In their latest report, Social Security and Medicare trustees project that the funds for the two government programs will be tapped out in a few years.
Here are a few important points from the report:
- The combined trust funds for Social Security will be empty by 2034
- The trust fund for Medicare Part A will run dry by 2026
- Medicare Part B and Part D will be financed in full indefinitely, but their costs are scheduled to grow substantially
Social Security will only be able to pay 79 percent of the benefits promised to retirees and disabled beneficiaries in 2034. Worse off is Medicare Part A, which by 2026 will only be able to pay 91 percent of its promised benefits.
To save Social Security and Medicare from running dry for decades longer than the trustees predict, the programs can do the following:
- Raise employees’ and employers’ payroll taxes paid into the programs, and/or
- Cut benefits for some or all beneficiaries
At Milestone, many of our clients are victims of catastrophic injuries that require the financial assistance of needs-based government programs. Without Social Security and Medicare, many individuals and their families will be either strapped for funds or have to do without the things this income pays for, such as disability-related expenses and hospital and nursing home costs for seniors.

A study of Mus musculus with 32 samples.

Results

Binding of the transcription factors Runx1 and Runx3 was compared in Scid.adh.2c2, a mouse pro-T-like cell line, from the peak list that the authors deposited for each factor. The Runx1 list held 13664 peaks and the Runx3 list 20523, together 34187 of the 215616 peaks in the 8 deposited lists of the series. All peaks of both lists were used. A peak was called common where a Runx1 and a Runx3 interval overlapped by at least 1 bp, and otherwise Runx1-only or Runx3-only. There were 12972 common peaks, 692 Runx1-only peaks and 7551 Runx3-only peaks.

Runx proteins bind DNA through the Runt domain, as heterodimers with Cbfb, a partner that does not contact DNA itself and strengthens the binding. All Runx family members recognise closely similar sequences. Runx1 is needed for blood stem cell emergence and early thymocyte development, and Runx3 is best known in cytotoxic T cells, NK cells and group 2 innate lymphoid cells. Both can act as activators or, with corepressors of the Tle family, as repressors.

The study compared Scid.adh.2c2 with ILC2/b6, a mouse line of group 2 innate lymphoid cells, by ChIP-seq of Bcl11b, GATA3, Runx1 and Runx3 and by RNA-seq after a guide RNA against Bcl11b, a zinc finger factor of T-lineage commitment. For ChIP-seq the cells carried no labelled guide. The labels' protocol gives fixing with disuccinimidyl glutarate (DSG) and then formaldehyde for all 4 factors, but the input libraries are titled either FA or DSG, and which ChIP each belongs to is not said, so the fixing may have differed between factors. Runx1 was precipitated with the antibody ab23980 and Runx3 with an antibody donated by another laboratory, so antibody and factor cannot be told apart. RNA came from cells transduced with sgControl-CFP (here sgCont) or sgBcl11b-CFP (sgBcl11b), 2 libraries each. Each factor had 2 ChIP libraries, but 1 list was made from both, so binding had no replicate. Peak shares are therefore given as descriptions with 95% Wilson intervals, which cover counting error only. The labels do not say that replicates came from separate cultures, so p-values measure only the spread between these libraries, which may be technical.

Congress needs to make a decision soon, or it will be difficult to put Social Security and Medicare back on track to help beneficiaries the way they promised.
A West Point graduate where he served as captain and military aviator, John Bair continues his commitment to our country through his efforts within the settlement planning industry. He has represented families of victims lost in the Flight 3407 crash, offered pro bono services to the families of 9/11 victims and drafted the first consumer protection bill for plaintiffs (H.R. 3699).